Engineering News: oil companies paying big for offshore wind farms
Back in February, oil giant BP bid over £9 billion for seabed plots in the Irish Sea.
This might come as a surprise to some. But, in fact, most oil companies will own more offshore wind farms than oil rigs by the end of the decade.
People looking for graduate and trainee engineering jobs in the energy industry of the future should probably take note:
Because a big change is coming. Actually, it might already be here.
Which oil companies are buying wind farm plots?
Some of the largest oil and gas companies in the world are spending huge sums of money on acquiring renewable energy resources:
- BP – also spent £850 million on a stake in some American offshore wind projects.
- Shell – is building wind farms just off the Dutch coastline.
- Total – also bought seabed plots in the latest UK auction.
This sudden desire to buy seems to be in large part due to the UK and Europe’s 2050 Net Zero emissions targets. But it’s also worth remembering that some estimates say that all fossil fuels may be depleted by around 2060.
Did BP pay too much for these plots?
A perhaps unexpected criticism from some of the more experienced names in the renewable energy business is that BP paid far too much for the wind fields in question. In this case, they paid over 15 times more than the previously established value of a plot of this type.
Existing renewable energy suppliers were shocked and horrified at BP’s bid. They indicated in no uncertain terms that they expect that price to be passed onto the consumer in terms of increased energy costs.
Yet BP seems serene. They argue that because the two wind farms they intend to build will be essentially co-located in shallow waters, costs will be kept to a minimum.
Oil companies and the future of energy
But, most likely, the real reason BP and other major oil companies are willing to pay so far over the odds for seabed plots like this is that they need to start finding other strings for their bows.
The near-complete global consensus that man-made climate change is the biggest threat to human life has been a long time coming. Most commentators are used to referring to climate change as the biggest challenge we have ever faced.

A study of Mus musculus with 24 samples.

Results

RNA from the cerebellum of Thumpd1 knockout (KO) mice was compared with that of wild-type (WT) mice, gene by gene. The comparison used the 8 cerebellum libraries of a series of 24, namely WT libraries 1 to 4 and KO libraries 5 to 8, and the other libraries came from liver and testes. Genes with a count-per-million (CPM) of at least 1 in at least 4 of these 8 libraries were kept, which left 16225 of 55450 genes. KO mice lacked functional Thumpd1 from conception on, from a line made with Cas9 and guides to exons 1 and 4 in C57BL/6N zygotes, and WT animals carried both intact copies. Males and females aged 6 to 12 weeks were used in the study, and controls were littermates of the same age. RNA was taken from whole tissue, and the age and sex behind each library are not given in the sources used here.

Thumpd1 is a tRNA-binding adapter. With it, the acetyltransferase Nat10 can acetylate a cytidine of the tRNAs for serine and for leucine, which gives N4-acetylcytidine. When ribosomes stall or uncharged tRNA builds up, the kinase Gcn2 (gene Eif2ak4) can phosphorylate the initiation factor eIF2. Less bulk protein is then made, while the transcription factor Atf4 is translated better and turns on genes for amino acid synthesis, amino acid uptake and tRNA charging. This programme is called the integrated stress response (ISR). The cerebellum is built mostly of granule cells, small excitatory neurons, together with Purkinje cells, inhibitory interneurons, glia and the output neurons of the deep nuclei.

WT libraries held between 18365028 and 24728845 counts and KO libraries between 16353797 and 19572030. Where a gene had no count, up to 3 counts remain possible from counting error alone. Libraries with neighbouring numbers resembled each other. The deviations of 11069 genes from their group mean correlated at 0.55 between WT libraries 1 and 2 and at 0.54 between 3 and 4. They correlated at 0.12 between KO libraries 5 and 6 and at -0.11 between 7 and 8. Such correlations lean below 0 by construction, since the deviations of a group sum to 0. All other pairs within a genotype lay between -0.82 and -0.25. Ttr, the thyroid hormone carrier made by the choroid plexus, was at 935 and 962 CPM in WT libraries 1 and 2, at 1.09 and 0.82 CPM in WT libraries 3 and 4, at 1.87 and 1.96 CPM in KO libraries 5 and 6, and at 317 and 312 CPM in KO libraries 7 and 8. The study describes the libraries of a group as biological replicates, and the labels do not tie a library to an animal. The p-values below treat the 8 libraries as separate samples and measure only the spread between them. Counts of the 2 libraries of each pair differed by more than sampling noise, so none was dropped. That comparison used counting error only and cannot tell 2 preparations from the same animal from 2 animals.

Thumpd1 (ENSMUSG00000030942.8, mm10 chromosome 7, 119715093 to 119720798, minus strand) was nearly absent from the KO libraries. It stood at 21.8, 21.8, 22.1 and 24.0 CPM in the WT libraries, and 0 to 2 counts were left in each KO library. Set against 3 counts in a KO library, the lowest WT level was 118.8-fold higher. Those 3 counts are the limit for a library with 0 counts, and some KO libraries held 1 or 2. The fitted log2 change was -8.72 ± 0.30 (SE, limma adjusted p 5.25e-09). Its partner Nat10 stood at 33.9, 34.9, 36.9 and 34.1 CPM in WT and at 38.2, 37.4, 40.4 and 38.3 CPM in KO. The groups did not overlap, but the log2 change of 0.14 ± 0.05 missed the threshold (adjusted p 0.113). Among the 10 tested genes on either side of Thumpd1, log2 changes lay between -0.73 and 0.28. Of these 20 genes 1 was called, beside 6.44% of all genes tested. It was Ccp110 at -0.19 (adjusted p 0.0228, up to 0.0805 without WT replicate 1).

But now that broad consensus and targets are in place, the fact that some of the biggest contributors to the necessity of those targets existing are finally putting their vast resources to work could be a good thing. Perhaps overcoming the climate crisis might be more within reach than has long been thought.
What does this mean for engineering recruitment in energy?
For those with engineering jobs in the traditional energy sector, the switch to a job in renewables can sound like a huge obstacle.
Yet, for many, the skills and experience they have gained in one part of the energy sector are directly transferable to the other. The major obstacles actually often involve convincing a prospective employer in renewables of your commitment and motivation for making the change.
Because for employers in the renewable sector, there can be concerns that hiring from the traditional energy sector could mean a cultural mismatch. Or that it could mean hiring employees who might only be short-term, secretly desiring to return to the often higher salaries offered by oil and gas companies.
But there is a lot of talent out there. If employers and specialists can overcome these issues, engineering recruitment in the newest energy sector will continue to benefit from the skills of those who work in one of the oldest.
Are you trying to make a change in your career? Looking for the next challenge?
Ernest Gordon is a specialist manufacturing and engineering recruitment company. We help professionals across the UK find their ideal position every single day.
Let’s talk about your career today. And how we might be able to help you get to where you see yourself in five years.